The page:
Fawaz Gerges appears in the following:
Wednesday, April 06, 2016
Thursday, April 09, 2015
Monday, July 07, 2014
Thursday, July 03, 2014
ISIS, the Islamic State of Iraq and Syria, claims to have set up a caliphate and wants to be referred to as "the Islamic State". Fawaz Gerges, chair of Contemporary Middle Eastern Studies and professor of International Relations at the London School of Economics and author of The New Middle East: Protest and Revolution in the Arab World (Cambridge University Press, 2013) talks about the history of the caliphate - both imagined and real - and why ISIS is trying to establish one (and if they've succeeded).
Monday, April 28, 2014
On Today's Show: The U.S. has announced a new round of sanctions against Russia..A look at the Palestinian unity agreement and discusses the future of the peace process.
Tuesday, July 09, 2013
In another bloody day in Egypt, over 50 pro-Morsi Islamist protesters were killed by military forces. Meanwhile, the interim leader laid out a political transition plan. Fawaz Gerges, director of the Middle East Centre at the London School of Economics and author of Obama and the Middle East: The End of America's Moment?, discusses the recent events in Egypt, and how the Islamist world is reacting.
Wednesday, August 15, 2012
Fawaz Gerges, director of the Middle East Centre at the London School of Economics and author of Obama and the Middle East: The End of America's Moment?, talks about the recent violence in Sinai and its effect on Egyptian politics.
Friday, June 01, 2012
Thursday, May 24, 2012
Friday, September 16, 2011
Fawaz Gerges gives a history of al-Qaeda, showing its emergence from the disintegrating local jihadist movements of the mid-1990s-not just the Afghan resistance of the 1980s. In The Rise and Fall of Al-Qaeda, he reveals that transnational jihad has attracted only a small minority within the Arab world and possesses no viable social and popular base. He also describes how the democratic revolutions that swept the Middle East in early 2011 show that al-Qaeda has no influence over Arabs' political life. Gerges argues that the West has become trapped in a "terrorism narrative," but that Al-Qaeda is no longer a serious threat.
Friday, September 09, 2011
Lawrence Wright, staff writer for the New Yorker and the author of the Pulitzer Prize-winning book The Looming Tower: Al Qaeda and the Road to 9/11 and the director of the Middle East Center at the London School of Economics and author of The Rise and Fall of Al-Qaeda, Fawaz Gerges, discuss the battle against terrorism over the last decade.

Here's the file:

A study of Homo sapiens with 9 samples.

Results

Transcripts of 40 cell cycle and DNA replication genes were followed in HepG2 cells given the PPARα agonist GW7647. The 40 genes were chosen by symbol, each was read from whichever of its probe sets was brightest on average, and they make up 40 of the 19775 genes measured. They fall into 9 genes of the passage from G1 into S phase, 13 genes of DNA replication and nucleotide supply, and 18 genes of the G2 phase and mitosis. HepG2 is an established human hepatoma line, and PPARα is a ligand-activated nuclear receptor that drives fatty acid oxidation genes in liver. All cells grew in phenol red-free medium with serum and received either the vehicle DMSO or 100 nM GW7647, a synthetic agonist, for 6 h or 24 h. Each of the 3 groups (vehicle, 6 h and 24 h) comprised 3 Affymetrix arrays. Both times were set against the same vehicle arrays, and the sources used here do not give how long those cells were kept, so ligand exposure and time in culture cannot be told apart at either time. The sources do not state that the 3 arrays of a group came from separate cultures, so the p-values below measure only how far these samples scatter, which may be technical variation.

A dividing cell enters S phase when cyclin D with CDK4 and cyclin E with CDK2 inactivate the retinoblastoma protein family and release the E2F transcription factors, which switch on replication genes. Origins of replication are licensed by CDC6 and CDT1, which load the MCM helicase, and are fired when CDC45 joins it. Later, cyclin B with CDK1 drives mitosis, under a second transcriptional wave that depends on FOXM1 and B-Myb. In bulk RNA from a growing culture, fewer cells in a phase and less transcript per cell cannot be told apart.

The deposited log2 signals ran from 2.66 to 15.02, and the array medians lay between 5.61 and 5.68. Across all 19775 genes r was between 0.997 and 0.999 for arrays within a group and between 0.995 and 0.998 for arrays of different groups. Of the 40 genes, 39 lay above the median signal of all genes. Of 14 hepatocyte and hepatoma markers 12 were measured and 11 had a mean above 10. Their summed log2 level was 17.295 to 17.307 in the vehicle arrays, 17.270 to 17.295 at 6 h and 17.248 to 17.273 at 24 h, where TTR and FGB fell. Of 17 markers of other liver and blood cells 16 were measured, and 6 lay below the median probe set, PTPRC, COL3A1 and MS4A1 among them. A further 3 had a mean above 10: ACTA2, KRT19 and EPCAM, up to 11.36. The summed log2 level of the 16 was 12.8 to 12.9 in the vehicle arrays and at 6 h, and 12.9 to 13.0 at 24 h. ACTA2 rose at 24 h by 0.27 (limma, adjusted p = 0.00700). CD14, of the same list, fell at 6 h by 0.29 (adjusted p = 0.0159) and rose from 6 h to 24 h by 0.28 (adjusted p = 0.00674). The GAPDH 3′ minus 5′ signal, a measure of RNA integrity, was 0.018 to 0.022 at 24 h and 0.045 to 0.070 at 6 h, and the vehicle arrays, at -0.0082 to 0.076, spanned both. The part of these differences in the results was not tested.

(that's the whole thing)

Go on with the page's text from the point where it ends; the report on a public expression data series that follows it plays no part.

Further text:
Thursday, August 18, 2011
As a brutal crackdown on protesters continues in Syria, the unrest in Yemen has slipped from the headlines. On today’s Backstory, Fawaz Gerges, a professor of Middle Eastern Politics and International Relations at the London School of Economics, describes what’s happened in the drought-stricken, poor country over the last few weeks, including the formation of a national council by those opposed to President Ali Abdullah Saleh.
Monday, March 21, 2011
"I think, I really fear, that the countdown to civil war in Yemen has just begun. It’s not just about protests in Yemen. You have some major defections by army generals in the last 24 hours. You have internal divisions within the ruling party of Pres. Ali Abdullah Saleh. Some elements from his own tribe are calling for him to step down. You have now a military standoff between special forces led by his son and the first division of the army of which the generals, some of his closest generals, have defected. You have turmoil engulfing most of the Yemen. You have a separatist movement in the South; you have a tribal insurgency in the North. But most important of all, I would argue, the new democratic revolt that has been sweeping the Arab world has reached Yemen with a vengeance."
Fawaz Gerges, professor of Middle Eastern Politics and International Relations at the London School of Economics. For more of the interview, click here.
Monday, March 21, 2011
The protests in Yemen and Bahrain have turned violent over the past week. Fawaz Gerges, professor of Middle Eastern Politics and International Relations at the London School of Economics, and Mustapha K. Al-Sayyid, professor of political science at The American University in Cairo and director of the Center for the Study of Developing Countries at Cairo University, describe the government reaction to the protests, how other governments in the region are reacting to the unrest, and where the protest movements go from here.
Thursday, February 10, 2011
“In fact, many Egyptians believe that the security apparatus played a key role in fueling sectarian tensions because that played into its hands. And the reality – I’m not saying there were no tensions - but the scenes in the Liberation, the Tahrir, Square really show very clearly that Egyptians are finally getting to know one another and this is really one of the most important lessons of what has happened in Egypt.”
-- Fawaz Gerges, professor of Middle Eastern Politics and International Relations at the London School of Economics. You can hear his whole conversation with Leonard about the many different roles of mosques in the protests in Egypt here.
Wednesday, February 09, 2011
Social media sites helped organize the protests in Egypt, but mosques have served many functions—from becoming makeshift hospitals to turning out large crowds of protesters each Friday. Fawaz Gerges, Professor of Middle Eastern Politics and International Relations at the London School of Economics, describes the many roles that mosques have played during the protests across the region, from Egypt to Yemen to Jordan.
Thursday, February 03, 2011
Fawaz Gerges, Director of the Middle East Centre and Professor of Middle Eastern Politics and International Relations at the London School of Economics discusses the history of the Muslim Brotherhood and its relationship to the ongoing protests in Egypt.